Stock Market

A near-perfect storm of negative catalysts caused Salesforce (NYSE:CRM) stock to plunge after reporting its first-quarter results on May 30. The shares are likely to stay weak for some time due to the Street’s current aversion to software names in general and Salesforce in particular.

Nonetheless, the company’s valuation is quite undemanding at this point, its operating cash flow is rapidly increasing, and it should get a significant bump from the artificial intelligence (AI) boom over the longer term. What’s more, the Street is likely to become much less hostile to software stocks in the medium term.

In light of these points, I view CRM stock as a hold for now.

A Near-Perfect Storm

With the Street already looking askance at software companies, Salesforce’s slightly lower-than-expected Q1 results and Q2 guidance caused a huge decline of its shares. Specifically, the firm provided Q2 revenue guidance of $9.2 billion to $9.5 billion, versus analysts’ previous mean outlook of $9.34 billion. Moreover, its Q1 sales came in at $9.13 billion, slightly below the mean outlook of $9.17 billion, while its current remaining performance obligations (CRPO) bookings rose 10%, significantly below the average estimate of 11.9%.

The misses came as the Street has soured on software stocks in general. As I noted in a Jun. 11 column, the iShares Expanded Tech-Software ETF (NYSEMKT:IGV) fell from $85.13 on May 20 to $80.43 on Jun. 7. I blamed the decline on weaker-than-expected quarterly results reported by a small number of software makers, including Salesforce, and large investors’ current focus on the six largest tech names and a few other hardware makers benefiting tremendously from the AI boom.

Still Growing Quickly and Generating Impressive Cash Flows

Objectively, the company’s business is growing relatively rapidly and is quite profitable. In Q1, its revenue jumped 11% versus the same period a year earlier and it maintained its full-year sales growth outlook of 8% to 9%. On the profitability front, the firm’s operating cash flow soared 39% year-over-year in Q1 to a huge $6.25 billion and it continues to expect its operating cash flow to climb 21% to 24% for the full year.

At the midpoint of that range, its operating cash flow would come in at $12.5 billion. That means its shares are changing hands for a relatively low valuation of 18.67 times its expected forward operating cash flow.

A Viable AI Strategy

Meanwhile, the firm has launched a new software product called Data Cloud. By providing its customers with a way to compile their data into a single source, Salesforce is preparing them to be able to easily use the AI capabilities of Salesforce’s Einstein 1 Platform to analyze that data. As a result, I believe that, after many of its customers adopt Data Cloud, Salesforce will be able to convince them to use Einstein 1 to analyze and draw conclusions from the information that they’ve compiled into the application.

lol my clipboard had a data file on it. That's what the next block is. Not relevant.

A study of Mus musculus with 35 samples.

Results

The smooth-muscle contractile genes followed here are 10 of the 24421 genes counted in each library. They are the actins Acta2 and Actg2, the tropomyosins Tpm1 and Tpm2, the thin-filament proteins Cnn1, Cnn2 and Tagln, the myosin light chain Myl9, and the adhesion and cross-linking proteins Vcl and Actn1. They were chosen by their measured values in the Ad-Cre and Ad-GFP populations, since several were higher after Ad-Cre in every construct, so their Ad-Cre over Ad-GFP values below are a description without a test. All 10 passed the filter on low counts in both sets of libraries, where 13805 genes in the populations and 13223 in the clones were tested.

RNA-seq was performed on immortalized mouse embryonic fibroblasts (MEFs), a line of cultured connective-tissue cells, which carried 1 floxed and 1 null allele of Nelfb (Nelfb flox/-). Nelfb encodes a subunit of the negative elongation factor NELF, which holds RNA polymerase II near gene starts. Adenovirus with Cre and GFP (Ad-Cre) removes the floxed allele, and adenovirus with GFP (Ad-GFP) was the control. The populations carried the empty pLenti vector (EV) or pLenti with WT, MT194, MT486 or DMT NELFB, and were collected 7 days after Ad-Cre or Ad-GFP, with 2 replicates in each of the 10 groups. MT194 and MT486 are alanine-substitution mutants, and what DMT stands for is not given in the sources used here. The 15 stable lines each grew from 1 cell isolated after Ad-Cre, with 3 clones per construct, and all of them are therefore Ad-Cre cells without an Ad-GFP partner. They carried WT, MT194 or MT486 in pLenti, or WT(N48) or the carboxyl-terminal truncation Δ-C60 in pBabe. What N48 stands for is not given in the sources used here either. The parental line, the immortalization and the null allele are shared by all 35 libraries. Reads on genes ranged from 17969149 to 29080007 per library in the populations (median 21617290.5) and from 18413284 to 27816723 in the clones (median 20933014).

And so far, the strategy appears to be working as it convinced over 1,000 enterprises to adopt Data Cloud for the second quarter in a row in Q1, while 25% of its deals that generate $1 million or more included a Data Cloud subscription.

Also importantly, Salesforce on May 21 disclosed that it had agreed to use IBM’s (NYSE:IBM) large language models to enhance the AI capabilities of its Einstein 1 Platform. That should make Einstein 1 much more attractive to enterprises going forward.

A Software rebound and the Bottom Line on Salesforce Stock

Sometimes the Street gets overly negative about certain sectors. For example, for the first several months of 2023 large investors soured tremendously on regional bank stocks. But most of the sector’s names ultimately rebounded tremendously over the next year.

Software stocks should go through a similar trajectory within the next 12 months, ultimately lifting Salesforce stock. However, the shares are likely to be weak for some time before such a rebound occurs. Therefore, I view Salesforce as a classic hold at this time.

On the date of publication, Larry Ramer did not hold (either directly or indirectly) any positions in the securities mentioned in this article. The opinions expressed in this article are those of the writer, subject to the InvestorPlace.com Publishing Guidelines

Larry Ramer has conducted research and written articles on U.S. stocks for 15 years. He has been employed by The Fly and Israel’s largest business newspaper, Globes. Larry began writing columns for InvestorPlace in 2015. Among his highly successful, contrarian picks have been SMCI, INTC, and MGM. You can reach him on Stocktwits at @larryramer.